South Florida Water Managers Approved An Underground Flood Wall — And They Hope To Add More

 As the South Florida Water Management District clears the way for more water to move into Taylor Slough, shown here, and the eastern edge of Everglades National Park, the district is also planning a massive underground seepage wall to keep water in the park.
As the South Florida Water Management District clears the way for more water to move into Taylor Slough, shown here, and the eastern edge of Everglades National Park, the district is also planning a massive underground seepage wall to keep water in the park.

South Florida water managers wrestling with ongoing flooding problems in a neighborhood bordering Everglades marshes have approved an underground seepage that could be the first leg in a miles-long wall separating the wetlands from Miami-Dade County.

The $14 million wall around the Las Palmas neighborhood will stretch more than two miles and reach 63-feet deep — or about five stories.

South Florida Water Management District governing board members, who said Thursday they anticipate extending the wall much further, also approved a contract that contemplates a far longer wall.

“This is a curtain wall that needs to be built and not just in the first phase, but all the way down,” said governing board member Scott Wagner, who represents Miami-Dade. “If this thing works and we can keep moving water south and can keep water in the park and keep the Homestead farmers in good shape, it's a home run for everybody.”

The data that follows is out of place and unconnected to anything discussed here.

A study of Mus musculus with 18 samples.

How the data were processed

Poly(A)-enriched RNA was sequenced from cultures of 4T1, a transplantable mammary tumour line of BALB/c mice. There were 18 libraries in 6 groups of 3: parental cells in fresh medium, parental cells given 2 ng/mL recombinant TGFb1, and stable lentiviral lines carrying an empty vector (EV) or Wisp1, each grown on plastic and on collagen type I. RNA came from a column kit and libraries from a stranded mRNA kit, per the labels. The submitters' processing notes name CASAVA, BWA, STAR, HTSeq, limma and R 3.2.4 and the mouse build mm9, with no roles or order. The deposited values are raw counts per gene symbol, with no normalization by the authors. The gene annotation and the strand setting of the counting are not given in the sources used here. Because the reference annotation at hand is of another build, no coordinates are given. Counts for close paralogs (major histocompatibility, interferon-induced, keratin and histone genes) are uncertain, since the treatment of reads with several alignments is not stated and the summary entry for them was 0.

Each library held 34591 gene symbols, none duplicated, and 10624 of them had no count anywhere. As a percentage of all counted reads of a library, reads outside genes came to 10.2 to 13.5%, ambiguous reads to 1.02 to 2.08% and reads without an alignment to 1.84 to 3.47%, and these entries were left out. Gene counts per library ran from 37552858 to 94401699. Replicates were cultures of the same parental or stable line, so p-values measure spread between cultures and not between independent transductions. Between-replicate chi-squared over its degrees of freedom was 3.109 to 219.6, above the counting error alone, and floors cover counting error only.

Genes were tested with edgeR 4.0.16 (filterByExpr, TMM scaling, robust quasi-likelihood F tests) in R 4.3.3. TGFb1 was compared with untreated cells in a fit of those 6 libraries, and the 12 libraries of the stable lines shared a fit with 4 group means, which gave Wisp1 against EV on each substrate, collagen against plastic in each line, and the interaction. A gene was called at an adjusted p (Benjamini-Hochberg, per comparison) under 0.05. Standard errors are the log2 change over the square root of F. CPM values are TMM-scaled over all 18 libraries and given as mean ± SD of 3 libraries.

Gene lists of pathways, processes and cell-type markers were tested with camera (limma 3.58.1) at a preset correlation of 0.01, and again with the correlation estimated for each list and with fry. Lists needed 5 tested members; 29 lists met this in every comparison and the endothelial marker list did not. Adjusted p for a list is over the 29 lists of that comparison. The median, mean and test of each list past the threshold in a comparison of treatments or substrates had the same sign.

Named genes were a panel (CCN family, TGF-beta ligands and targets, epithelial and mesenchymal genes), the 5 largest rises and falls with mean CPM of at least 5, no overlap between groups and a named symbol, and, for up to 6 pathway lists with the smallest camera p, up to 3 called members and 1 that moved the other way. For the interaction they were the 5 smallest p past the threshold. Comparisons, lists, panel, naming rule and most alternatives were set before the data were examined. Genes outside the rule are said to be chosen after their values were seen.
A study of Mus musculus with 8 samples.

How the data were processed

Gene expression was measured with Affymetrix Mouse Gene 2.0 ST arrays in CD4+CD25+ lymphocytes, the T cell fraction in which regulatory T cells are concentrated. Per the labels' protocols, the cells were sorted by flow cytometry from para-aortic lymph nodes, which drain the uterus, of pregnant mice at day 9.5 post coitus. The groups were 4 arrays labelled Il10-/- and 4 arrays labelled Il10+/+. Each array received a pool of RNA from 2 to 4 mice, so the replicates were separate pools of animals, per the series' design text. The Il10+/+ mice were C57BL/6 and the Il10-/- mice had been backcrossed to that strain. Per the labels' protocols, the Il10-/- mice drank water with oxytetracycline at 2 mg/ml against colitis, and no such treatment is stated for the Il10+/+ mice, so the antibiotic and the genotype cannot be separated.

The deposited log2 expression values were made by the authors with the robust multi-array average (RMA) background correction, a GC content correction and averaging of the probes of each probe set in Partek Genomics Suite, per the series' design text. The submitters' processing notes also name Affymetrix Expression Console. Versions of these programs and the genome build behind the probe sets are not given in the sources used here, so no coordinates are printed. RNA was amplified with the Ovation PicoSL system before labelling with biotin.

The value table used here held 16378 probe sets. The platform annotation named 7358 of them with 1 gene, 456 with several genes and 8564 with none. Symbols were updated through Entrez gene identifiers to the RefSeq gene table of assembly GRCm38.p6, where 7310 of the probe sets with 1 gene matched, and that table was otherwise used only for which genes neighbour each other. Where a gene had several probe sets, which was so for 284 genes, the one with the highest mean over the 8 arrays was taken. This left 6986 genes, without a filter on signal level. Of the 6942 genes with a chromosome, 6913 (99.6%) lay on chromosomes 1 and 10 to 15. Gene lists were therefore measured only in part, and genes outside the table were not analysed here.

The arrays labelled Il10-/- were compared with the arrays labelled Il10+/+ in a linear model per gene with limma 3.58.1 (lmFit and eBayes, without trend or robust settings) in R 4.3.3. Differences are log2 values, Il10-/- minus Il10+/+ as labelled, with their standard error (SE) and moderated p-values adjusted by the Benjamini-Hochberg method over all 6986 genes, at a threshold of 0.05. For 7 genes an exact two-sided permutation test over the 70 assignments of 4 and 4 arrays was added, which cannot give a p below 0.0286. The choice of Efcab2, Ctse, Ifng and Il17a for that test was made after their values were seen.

Last year, district staff began holding workshops on plans for an underground seepage wall, arguing that the wall could address flooding issues as water levels are raised in the park. According to a June presentation, water levels in Taylor Slough — on the park’s eastern boundary — have steadily increased and now peak at much higher levels than a decade ago.

Everglades restoration calls for moving more water into the old slough to help freshen Florida Bay, where decades of flood control have led to seagrass die-offs and too little freshwater.

Farmers and rock miners have long worried that higher water in the park could interfere with their operations.

“Conflicts between farming and Everglades restoration have really played out south of Miami,” said consultant Tom MacVicar, a former district hydrologist who works with the agricultural industry. “We're really gratified to see the district finally buy into the concept in a big way.”

But Miami-Dade County and Biscayne National Park have in the past raised concerns about cutting off groundwater, which helps replenish well fields and Biscayne Bay. Biscayne Bay has also suffered from widespread seagrass die-offs. Flood control wiped out water that once flowed across transverse glades and dried up underground springs on the bay bottom.

Climate change could also become a factor, as rainfall increases and groundwater rises with increased sea level.

“Even with the current wall, you’re still going to have flooding because with climate change and sea level rise, flooding is going to come from the other direction anyway,” said Drew Martin, a conservation chair at Sierra Club.

The district still wants to buy 119 properties from willing sellers in the Las Palmas neighborhood and asked Miami-Dade County to consider using money set aside for its Environmentally Endangered Lands program. The program is typically used to acquire pine rocklands and lands with endangered species.

But governing board members said they didn’t want drawn out negotiations with buyers to slow restoration progress.

“I hope this is the first of many miles that will be done,” said board member Charlie Martinez. “I hope soon we’re going to be able to extend this all the way down to South Dade.”